Performance Modeling of IEEE 802.11 WLAN using OPNET: A Tutorial

Performance Modeling of IEEE 802.11 WLAN using OPNET: A Tutorial

Nurul I. Sarkar (AUT University, New Zealand)
DOI: 10.4018/978-1-60566-774-4.ch018

Computer simulation is becoming increasingly popular among computer network researchers for performance modeling and evaluation of computer and telecommunication networks. This popularity is due to the availability of various sophisticated and powerful simulators, and also because of the flexibility in model construction and validation offered by simulation. While various network simulators (both open source and commercial) exist for modeling and performance evaluation of communication networks, OPNET is becoming popular network simulator as the package is available to academic institutions at no cost, especially OPNET IT Guru. This chapter aims to provide a tutorial on OPNET focusing on the simulation and performance modeling of IEEE 802.11 wireless local area networks (WLANs). Results obtained show that OPNET provides credible simulation results close to a real system.

Computer network design and implementation involves interaction of various networking devices including Servers, network interface cards (NICs), switches, routers, and firewalls. In most cases it is ineffective with respect to time, money, and effort to test the performance of a live network. Computer network simulators are often used to evaluate the system performance without building a real network. However, the operation of a network simulator relies on various stochastic processes, including random number generators. Therefore the accuracy of simulation results and model validation is an important issue. A main concern in wireless network simulations or any simulation efforts is to ensure a model is credible and represents reality. If this can’t be guaranteed, the model has no real value and can’t be used to answer desired questions (McHaney, 1991; Sargent, 2004). For selecting an appropriate network simulator for a particular application, it is important to have good knowledge of the simulator tools available, along with their strengths and weaknesses.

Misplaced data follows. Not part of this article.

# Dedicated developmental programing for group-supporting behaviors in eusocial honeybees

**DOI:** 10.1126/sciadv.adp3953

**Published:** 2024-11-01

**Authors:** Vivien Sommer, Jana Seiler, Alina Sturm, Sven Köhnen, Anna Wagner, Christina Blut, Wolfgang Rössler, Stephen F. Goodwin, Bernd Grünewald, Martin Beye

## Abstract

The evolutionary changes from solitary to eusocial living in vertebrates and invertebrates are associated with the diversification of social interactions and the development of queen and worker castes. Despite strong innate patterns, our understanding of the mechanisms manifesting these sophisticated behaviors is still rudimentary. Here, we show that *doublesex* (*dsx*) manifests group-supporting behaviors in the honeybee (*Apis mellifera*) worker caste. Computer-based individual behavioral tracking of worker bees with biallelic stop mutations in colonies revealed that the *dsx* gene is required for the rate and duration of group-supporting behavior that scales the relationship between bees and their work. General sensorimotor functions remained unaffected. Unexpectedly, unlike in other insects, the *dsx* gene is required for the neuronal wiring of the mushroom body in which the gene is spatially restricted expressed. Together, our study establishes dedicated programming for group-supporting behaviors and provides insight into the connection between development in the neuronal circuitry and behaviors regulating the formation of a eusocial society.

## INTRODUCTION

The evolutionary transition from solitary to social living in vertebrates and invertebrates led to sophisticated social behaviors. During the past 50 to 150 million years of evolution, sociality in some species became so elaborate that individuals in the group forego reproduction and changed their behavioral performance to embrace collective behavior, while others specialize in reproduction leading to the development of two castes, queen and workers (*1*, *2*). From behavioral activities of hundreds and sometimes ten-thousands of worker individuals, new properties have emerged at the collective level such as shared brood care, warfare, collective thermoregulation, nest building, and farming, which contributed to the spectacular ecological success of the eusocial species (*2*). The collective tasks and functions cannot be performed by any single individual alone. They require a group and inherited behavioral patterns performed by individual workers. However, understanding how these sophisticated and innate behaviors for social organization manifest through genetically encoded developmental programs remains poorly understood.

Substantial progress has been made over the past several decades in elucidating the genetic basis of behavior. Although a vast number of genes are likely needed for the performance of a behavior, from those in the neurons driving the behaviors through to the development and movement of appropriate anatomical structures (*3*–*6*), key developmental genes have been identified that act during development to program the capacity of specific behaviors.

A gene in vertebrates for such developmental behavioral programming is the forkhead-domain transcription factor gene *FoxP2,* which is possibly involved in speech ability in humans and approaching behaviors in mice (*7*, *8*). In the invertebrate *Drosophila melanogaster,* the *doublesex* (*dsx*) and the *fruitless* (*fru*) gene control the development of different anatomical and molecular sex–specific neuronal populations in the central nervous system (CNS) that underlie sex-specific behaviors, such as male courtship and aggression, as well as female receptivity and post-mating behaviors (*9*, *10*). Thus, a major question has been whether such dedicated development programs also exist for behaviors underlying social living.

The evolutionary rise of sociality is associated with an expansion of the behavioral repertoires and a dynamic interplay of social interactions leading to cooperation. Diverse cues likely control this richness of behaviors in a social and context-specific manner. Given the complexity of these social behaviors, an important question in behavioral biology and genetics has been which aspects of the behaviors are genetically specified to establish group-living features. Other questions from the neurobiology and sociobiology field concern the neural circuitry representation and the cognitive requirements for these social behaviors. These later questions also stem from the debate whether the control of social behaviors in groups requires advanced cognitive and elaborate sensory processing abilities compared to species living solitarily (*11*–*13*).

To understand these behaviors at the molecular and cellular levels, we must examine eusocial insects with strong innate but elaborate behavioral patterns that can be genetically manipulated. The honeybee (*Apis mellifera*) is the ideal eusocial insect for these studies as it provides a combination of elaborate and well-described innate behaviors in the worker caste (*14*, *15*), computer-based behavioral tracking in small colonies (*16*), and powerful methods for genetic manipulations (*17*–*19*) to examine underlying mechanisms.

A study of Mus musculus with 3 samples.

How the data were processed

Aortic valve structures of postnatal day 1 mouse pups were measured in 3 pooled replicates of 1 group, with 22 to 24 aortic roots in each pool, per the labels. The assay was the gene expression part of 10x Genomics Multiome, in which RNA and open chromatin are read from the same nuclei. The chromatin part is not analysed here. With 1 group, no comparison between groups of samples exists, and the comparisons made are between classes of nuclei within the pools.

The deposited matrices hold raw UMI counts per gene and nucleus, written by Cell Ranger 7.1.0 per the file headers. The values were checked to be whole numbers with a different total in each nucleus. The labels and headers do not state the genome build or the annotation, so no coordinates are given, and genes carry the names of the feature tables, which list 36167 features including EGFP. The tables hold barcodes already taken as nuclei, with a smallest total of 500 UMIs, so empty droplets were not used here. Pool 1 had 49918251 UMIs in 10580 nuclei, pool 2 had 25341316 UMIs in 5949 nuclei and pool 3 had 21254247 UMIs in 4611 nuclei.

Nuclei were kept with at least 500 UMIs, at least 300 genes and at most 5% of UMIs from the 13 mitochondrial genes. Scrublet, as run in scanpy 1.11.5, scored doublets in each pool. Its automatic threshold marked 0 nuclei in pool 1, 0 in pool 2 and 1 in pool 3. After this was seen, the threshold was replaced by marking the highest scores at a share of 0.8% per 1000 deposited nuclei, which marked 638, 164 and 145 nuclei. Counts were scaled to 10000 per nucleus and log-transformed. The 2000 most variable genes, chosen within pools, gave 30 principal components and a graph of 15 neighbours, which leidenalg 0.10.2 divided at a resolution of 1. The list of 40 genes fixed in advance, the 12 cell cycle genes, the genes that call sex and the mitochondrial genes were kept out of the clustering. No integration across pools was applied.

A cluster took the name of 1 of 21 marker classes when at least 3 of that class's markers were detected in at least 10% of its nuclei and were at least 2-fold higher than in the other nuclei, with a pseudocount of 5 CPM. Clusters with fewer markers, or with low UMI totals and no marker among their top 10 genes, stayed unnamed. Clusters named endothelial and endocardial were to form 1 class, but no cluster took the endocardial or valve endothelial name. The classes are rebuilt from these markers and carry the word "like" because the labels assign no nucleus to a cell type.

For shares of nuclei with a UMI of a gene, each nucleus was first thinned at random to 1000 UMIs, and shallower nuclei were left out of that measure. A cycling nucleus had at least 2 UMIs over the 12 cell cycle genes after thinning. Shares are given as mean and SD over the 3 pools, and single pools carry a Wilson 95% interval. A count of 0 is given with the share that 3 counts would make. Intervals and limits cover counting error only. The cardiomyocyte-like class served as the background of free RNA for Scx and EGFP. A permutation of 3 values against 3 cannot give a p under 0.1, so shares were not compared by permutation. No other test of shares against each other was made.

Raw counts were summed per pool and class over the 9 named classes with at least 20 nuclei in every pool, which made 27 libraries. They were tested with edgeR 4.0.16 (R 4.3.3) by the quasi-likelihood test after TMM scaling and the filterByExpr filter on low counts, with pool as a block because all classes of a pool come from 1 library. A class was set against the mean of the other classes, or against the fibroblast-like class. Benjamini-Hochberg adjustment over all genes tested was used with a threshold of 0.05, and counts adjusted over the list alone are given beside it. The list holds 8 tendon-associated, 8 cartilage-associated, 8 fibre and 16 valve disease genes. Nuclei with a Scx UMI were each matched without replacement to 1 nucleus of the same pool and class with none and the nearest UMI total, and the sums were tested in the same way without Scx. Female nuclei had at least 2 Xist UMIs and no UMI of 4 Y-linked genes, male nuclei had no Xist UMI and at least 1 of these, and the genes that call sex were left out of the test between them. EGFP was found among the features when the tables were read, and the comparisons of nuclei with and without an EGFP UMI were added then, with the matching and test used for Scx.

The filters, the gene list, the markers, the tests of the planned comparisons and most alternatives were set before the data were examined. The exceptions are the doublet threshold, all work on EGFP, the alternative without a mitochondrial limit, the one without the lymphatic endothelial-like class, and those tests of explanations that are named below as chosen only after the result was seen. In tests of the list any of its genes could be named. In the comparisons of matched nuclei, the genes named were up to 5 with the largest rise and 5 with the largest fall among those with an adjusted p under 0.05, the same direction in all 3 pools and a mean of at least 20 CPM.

Key Terms in this Chapter

OPNET IT GURU: OPNET is a discrete event, object-oriented, general purpose network simulator (commercial simulation package). OPNET IT GURU is a smaller version of OPNET Modeler which is available at no costs under OPNET academic program.

IEEE 802.11: A family of wireless local area network (LAN) standards. The IEEE 802.11b is the wireless LAN standard with a maximum data rate of 11 Mbps operating at 2.4 GHz. The IEEE 802.11a is the high-speed wireless LAN with a maximum data rate of 54 Mbps operating at 5 GHz. The IEEE 802.11g is backward compatible with the IEEE 802.11b, with a maximum data rate of 54 Mbps operating at 2.4 GHz.

GUI: GUI stands for Graphical User Interface. Most of the modern operating systems provide a GUI, which enables a user to use a pointing device, such as a computer mouse, to provide the computer with information about the user’s intentions.

NIC: NIC stands for Network Interface Card which is the hardware interface that provides the physical link between a computer and a network.